China's recovery, and surging energy demand, continue to surpass expectations, says the IEA

Energy Aspects sees global oil demand growing by 1.5 million barrels of oil equivalent per day in 2023, led by China’s reopening. (GETTY)
Energy Aspects sees global oil demand growing by 1.5 million barrels of oil equivalent per day in 2023, led by China’s reopening. (GETTY) (Olga Rolenko via Getty Images)

Oil could climb above $US100 per barrel by late summer before rallying to more than $US115 in 2024, according to Amrita Sen, chief oil analyst at Energy Aspects.

Sen outlined an “extremely bullish view for oil” in a virtual presentation hosted by Wells Fargo last week, according to Michael Blum, managing director of Wells Fargo Securities.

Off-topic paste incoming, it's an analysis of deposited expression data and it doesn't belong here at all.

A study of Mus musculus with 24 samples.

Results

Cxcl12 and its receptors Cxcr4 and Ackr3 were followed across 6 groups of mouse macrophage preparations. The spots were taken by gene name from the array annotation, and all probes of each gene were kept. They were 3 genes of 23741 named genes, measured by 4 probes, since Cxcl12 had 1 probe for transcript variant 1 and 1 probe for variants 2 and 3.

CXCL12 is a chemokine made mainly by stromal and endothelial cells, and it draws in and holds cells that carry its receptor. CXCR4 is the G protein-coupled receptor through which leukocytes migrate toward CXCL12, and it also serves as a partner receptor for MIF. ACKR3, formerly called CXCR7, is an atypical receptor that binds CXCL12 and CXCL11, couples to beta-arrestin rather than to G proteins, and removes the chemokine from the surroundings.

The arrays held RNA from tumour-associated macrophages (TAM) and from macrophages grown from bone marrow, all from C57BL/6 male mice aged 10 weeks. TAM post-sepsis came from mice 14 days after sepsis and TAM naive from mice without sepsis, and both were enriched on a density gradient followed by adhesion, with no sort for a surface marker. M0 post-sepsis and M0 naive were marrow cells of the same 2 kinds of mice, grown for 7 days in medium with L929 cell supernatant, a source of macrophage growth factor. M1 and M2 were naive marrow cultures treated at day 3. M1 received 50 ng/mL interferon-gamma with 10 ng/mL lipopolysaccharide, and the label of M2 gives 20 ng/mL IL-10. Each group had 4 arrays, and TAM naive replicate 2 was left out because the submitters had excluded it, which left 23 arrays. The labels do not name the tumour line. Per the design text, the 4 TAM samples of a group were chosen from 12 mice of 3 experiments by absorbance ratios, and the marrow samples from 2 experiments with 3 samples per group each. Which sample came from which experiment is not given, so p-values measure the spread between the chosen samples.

Sen sees global oil demand growing by 1.5 million barrels of oil equivalent per day in 2023, led by China’s reopening. On the supply side, she notes the recent OPEC+ production cuts aimed at supporting the market have yet to take effect.

On Tuesday, the International Energy Agency flagged “all-time record” demand from China in March, as the country’s recovery “continues to surpass expectations.” In its closely watched monthly oil market report, the agency predicted global demand will climb by 2.2 million barrels of oil equivalent per day this year, with supply conditions tightening in the back half of 2023.


Energy Aspects expects WTI oil prices to average US$107 per barrel in the second half of this year, US$117/Bbl in 2024, and US$141/Bbl in 2025. The projections account for a “mild” recession in OECD nations.

In China, Energy Aspects sees a full economic recovery adding a further 500,000 to 600,000 barrels of oil equivalent per day to global demand. Right now, Sen says international travel from China remains 40 per cent below pre-COVID levels, while property market weakness limits fuel demand from construction.

Jeff Lagerquist is a senior reporter at Yahoo Finance Canada. Follow him on Twitter @jefflagerquist.